Parent Involvement in Education: What Really Matters Most?

Would eating less margarine reduce the divorce rate in Maine? Could we increase the number of graduate engineering degrees by upping mozzarella consumption? Some correlations are ridiculous, which is exactly the point of the very clever web site “Spurious Correlations.”

In K-12 education, though, the link between parent involvement and student achievement makes intuitive sense, and it is backed by extensive research. According to Education Week, multiple studies have shown that “students with involved parents” get better grades and test scores and are more likely to go to college.

You don’t need to convince parents that what they do matters. Nearly 8 in 10 say that parents are more important than schools in determining whether children learn. Teachers are on board too. The vast majority say they’d rather work in a school with strong parent support and good student behavior than in one where they could earn more money.


But in extended discussions, it doesn’t take long for parents to turn to concerns closer to home—being mothers and fathers who help their children develop the strong values and good behavior that will help them succeed in life and become honorable, effective adults. Many parents focus on the importance of teaching their children “respect.”

“My son knows he has to respect adults,” one father told us. “He knows the teachers—he could come home and give me an opinion if a teacher did this or that—but [if] the teacher tells you how to do your work…you have respect. Every teacher says he’s so respectful. Maybe I’m lucky. I think it all comes from my wife and me at home.”

A mother made a similar point: “All I can do is teach my boys, ‘Listen, you know that you need to be respectful and you’re going to hear things’ . . . They need to just understand that there’s a certain level of respect that you should know.”

Some parents mention the need for “structure” at home and why it’s crucial to “set limits” for children. Others talk about emphasizing perseverance and hard work. “For my kids?” a father said, “it’s my responsibility for everything . . . . [Too many] kids don’t know what hard work is. . . If it’s too easy at home, then that would be my fault because I made it too easy at home.”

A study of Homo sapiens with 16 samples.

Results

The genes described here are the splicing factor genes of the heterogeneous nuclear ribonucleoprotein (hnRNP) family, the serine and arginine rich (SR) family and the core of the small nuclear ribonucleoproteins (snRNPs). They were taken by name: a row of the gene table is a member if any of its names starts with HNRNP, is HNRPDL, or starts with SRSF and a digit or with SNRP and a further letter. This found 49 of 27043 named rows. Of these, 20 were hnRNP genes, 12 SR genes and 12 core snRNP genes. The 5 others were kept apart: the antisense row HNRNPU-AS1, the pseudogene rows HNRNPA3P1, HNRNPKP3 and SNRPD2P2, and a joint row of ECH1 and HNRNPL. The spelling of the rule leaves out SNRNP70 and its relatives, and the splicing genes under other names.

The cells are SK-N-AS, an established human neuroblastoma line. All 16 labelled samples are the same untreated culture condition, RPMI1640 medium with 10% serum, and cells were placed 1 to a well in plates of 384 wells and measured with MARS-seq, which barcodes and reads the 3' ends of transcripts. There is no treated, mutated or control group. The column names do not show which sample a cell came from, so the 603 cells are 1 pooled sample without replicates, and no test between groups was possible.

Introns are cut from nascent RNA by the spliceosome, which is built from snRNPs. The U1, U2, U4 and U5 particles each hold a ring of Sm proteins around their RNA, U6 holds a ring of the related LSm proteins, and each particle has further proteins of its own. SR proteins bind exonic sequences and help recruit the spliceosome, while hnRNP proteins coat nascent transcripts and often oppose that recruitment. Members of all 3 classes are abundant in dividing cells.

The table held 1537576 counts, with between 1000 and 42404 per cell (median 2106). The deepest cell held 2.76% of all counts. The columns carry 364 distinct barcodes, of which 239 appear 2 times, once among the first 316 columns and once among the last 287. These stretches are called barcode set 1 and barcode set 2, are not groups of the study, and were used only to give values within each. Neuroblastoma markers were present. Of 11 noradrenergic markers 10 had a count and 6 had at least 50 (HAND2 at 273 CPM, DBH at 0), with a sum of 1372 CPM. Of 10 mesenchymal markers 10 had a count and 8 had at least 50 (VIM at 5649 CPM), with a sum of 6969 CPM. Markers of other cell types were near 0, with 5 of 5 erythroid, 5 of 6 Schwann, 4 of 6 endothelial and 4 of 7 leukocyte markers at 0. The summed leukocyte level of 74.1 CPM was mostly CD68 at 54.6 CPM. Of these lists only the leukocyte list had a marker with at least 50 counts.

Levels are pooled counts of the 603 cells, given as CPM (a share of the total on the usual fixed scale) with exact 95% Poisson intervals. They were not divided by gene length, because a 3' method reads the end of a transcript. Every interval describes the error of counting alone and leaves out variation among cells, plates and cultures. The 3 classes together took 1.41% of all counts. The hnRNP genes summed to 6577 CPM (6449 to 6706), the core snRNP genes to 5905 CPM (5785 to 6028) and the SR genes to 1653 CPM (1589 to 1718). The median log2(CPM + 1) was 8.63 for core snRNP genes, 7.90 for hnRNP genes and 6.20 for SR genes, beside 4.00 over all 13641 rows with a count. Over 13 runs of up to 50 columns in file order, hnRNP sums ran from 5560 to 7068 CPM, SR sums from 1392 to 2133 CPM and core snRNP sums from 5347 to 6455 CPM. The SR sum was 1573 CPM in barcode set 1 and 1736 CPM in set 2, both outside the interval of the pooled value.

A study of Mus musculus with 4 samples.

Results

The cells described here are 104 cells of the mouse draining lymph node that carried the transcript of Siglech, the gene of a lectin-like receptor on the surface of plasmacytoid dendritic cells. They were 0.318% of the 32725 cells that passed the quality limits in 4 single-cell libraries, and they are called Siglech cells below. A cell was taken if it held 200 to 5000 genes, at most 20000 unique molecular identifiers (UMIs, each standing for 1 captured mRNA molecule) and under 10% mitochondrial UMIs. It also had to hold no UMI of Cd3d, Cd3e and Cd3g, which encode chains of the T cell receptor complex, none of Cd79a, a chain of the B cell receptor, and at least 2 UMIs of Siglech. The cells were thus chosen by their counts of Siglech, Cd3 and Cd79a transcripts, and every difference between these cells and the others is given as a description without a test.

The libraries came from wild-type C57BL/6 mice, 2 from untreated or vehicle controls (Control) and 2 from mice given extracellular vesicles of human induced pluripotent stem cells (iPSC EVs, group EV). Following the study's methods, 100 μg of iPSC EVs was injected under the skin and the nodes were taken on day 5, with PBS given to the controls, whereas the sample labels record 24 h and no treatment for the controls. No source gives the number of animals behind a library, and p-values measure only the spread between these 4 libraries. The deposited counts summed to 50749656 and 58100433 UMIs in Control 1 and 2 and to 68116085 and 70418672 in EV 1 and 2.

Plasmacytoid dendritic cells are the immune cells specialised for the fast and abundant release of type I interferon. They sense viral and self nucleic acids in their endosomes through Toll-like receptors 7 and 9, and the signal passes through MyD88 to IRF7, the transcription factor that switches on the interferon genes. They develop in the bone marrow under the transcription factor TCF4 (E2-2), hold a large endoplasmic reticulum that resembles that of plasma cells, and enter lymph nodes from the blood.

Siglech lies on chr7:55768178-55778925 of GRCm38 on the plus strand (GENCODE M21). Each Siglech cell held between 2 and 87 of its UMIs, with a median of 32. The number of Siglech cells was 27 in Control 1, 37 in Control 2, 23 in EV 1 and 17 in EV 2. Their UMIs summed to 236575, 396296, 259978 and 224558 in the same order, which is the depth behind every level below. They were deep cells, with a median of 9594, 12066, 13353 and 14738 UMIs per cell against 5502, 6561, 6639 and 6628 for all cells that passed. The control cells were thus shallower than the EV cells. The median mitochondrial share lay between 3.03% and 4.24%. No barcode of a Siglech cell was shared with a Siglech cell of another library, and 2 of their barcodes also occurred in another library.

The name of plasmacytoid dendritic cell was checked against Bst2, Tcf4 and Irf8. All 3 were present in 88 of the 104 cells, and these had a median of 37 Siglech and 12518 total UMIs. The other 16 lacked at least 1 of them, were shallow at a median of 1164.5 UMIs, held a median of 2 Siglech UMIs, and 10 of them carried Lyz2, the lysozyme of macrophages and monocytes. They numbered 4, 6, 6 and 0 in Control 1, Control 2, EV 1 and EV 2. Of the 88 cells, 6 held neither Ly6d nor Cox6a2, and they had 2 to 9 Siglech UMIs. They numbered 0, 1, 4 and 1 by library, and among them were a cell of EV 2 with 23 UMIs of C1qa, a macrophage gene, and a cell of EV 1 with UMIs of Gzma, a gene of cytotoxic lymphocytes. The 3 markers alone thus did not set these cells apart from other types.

Are parents ill-advised to think that emphasizing good attitudes and behavior is a key to helping their children succeed in school? Not according to teachers. Seven in 10 say that it is “absolutely essential” for parents to teach their children the importance of education and following school rules. Perhaps surprisingly, less than half of teachers say that checking on homework is equally important.


Here are “findings” from a study of parental involvement and student success summarized in The New York Times earlier this year:

“Regularly discussing school experiences with your child seems to positively affect the reading and math test scores of Hispanic children, to negatively affect test scores in reading for black children, and to negatively affect test scores in both reading and math for white children (but only during elementary school).”

Huh? To be fair, the researchers here were probably just trying to be specific and transparent about their results—not suggesting that black and white parents avoid talking to their children about what happened at school. Still, “results” like these demonstrate the limits of this kind of research.

Looking at data and thinking about correlations can put good ideas on the table and help us all question our top-of-the-head reactions and assumptions. That’s extraordinarily useful. But we also need to listen to what parents, teachers, students, and others in the community have to say before we leap to conclusions. Without the human factor, the numbers don’t really mean that much.